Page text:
American Airlines, Travelport and Sabre are all claiming vindication in a federal court’s decision to dismiss all but one count of American Airlines’ antitrust case against Travelport. Sabre said that it still would like to negotiate a new distribution agreement with American. The court also dismissed all antitrust claims against Orbitz Worldwide.
In a decision issued earlier this week, the United States District Court for the Northern District of Texas dismissed AA’s claims that Travelport monopolizes distribution to travel agencies, that Travelport entered into a conspiracy with travel agencies to monopolize distribution, that Travelport’s agreements with airlines and travel agencies unlawfully restrain trade, and that Travelport’s actions are illegal under Texas state law.
The one claim the court allowed to proceed for further factual analysis was the claim that Travelport monopolizes access to its current travel agency subscriber base. Monopolization claims based on such narrowly defined markets rarely succeed, Travelport said in a statement, and a similar claim brought against a competitor was recently rejected by a federal court in New York.
American said that it was pleased “that the court is allowing American’s principal antitrust claims to proceed and that the court has rejected the defendants' arguments on key legal issues.”
In addition, American said that it was also important that the court has held that American can proceed with its claims that Sabre has monopolized the market for provision of airline booking services to travel agents, and separate claims that Sabre and Travelport each has unlawfully monopolized the market for the provision of airline booking services to their respective subscribers.
“The order permits American to raise additional antitrust claims based on newly discovered evidence, including that Sabre unlawfully organized a group boycott against American, and that Sabre and Travelport illegally conspired with each other to prevent competition from American’s direct connect technology,” American said in a statement.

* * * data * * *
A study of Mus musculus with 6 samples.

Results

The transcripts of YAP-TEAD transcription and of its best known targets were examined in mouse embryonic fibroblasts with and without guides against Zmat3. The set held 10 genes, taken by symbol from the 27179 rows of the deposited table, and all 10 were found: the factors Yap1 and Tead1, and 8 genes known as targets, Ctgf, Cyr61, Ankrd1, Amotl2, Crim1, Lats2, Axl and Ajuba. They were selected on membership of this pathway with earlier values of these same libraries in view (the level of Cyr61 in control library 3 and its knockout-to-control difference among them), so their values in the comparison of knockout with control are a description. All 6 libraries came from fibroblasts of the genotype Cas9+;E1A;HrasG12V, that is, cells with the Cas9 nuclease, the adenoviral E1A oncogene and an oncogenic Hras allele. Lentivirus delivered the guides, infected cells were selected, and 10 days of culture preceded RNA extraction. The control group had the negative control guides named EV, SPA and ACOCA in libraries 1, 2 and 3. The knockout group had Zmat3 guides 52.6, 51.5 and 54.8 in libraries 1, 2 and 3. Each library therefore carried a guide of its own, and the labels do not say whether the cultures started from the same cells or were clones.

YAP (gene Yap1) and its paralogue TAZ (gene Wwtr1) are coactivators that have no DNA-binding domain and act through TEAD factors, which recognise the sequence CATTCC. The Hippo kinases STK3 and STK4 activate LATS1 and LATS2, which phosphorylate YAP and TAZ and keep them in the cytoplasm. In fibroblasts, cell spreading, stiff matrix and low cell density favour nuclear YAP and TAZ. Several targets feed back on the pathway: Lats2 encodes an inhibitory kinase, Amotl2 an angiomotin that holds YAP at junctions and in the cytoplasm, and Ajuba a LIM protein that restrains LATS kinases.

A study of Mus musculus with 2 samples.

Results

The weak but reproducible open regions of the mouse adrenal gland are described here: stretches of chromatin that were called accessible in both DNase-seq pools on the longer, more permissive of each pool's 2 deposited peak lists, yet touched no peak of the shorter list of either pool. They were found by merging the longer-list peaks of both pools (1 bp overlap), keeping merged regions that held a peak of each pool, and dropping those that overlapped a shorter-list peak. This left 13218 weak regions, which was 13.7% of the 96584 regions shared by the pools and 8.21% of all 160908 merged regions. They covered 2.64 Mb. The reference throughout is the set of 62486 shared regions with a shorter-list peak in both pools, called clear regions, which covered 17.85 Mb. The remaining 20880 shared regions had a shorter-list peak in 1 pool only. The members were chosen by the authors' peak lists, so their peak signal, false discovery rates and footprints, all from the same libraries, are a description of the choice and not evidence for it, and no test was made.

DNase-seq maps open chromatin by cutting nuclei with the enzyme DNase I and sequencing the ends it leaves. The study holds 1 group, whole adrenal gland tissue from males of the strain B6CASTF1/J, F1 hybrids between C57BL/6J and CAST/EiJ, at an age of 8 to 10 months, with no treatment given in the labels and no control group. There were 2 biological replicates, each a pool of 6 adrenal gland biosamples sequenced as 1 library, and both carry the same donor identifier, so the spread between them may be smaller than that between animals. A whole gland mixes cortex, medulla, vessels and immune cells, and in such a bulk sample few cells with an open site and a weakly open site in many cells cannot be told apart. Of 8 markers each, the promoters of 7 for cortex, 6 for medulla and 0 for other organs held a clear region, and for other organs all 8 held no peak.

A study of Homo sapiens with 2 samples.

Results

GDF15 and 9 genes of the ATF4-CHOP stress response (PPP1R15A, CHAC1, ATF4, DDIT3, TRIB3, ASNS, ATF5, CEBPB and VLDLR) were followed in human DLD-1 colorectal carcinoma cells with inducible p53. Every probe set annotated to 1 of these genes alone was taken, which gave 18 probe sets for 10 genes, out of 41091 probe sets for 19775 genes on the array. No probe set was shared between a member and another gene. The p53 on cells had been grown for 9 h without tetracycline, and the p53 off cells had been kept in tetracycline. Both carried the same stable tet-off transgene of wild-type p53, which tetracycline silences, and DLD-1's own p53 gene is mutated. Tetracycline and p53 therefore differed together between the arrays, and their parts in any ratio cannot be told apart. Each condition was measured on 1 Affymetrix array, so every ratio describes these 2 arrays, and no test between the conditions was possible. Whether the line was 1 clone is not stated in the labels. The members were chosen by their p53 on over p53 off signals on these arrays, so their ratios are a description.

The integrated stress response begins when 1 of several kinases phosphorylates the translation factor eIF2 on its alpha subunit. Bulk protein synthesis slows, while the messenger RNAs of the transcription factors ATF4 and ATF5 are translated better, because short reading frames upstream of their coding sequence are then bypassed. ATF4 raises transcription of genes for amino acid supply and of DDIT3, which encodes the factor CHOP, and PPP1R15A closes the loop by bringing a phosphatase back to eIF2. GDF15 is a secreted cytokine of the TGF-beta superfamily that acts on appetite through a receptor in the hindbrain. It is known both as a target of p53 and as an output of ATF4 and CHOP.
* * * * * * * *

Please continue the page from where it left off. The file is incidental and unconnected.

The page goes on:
American has until Dec. 5, 2011, to amend its complaint, but is not allowed to reassert the claims that Travelport’s agreements with airlines and travel agencies unlawfully restrain trade or that Travelport’s actions violate Texas state law.
Travelport said that it is “pleased that the court recognized the meritless nature of most of the claims brought by AA and severely restricted the scope of AA’s remaining claim. Travelport will continue to defend itself vigorously against this limited claim which Travelport views as being wholly without merit. Travelport remains confident that, after analyzing the facts, the court will find this claim as meritless as AA’s other claims.”
Travelport said that it does not believe the outcome of this dispute will have a material adverse effect on its results of operations or liquidity condition.
Sabre said that while the court is allowing American to continue to pursue other claims, that decision is only based on the assumption that American's allegations in its complaint were true -- which Sabre denies and which the court did not determine.
According to Sabre, the court said only that American may file the claims with the court and pointed out that the ruling specifically said that "the Court is not concluding that these claims are plausible and sufficient to survive." The court gave Sabre the opportunity to move to dismiss those claims.
“We believe that all of American's remaining claims are baseless and we look forward to proving that in court,” said Nancy St. Pierre, spokesperson for Sabre. “We still prefer to negotiate a new distribution agreement with American Airlines that meets the needs of all constituents, despite AA's interest to use litigation as a negotiating tool.”
“At this point, we cannot provide details because the order is filed under seal,” American said in its statement. “However, to be clear, the key monopolization claims that American pled were deemed plausible by the court and remain an important part of the case. We are confident in the merits of our claims and will continue vigorously pursuing this litigation.”
The court also dismissed all antitrust claims against Orbitz Worldwide, which said that the ruling was “consistent with our long-held position.”
“While the court's decision does indicate that American can file a new claim, the court's order notes that the court has not concluded that the claim is plausible or sufficient to survive a motion to dismiss,” according to a statement by Orbitz.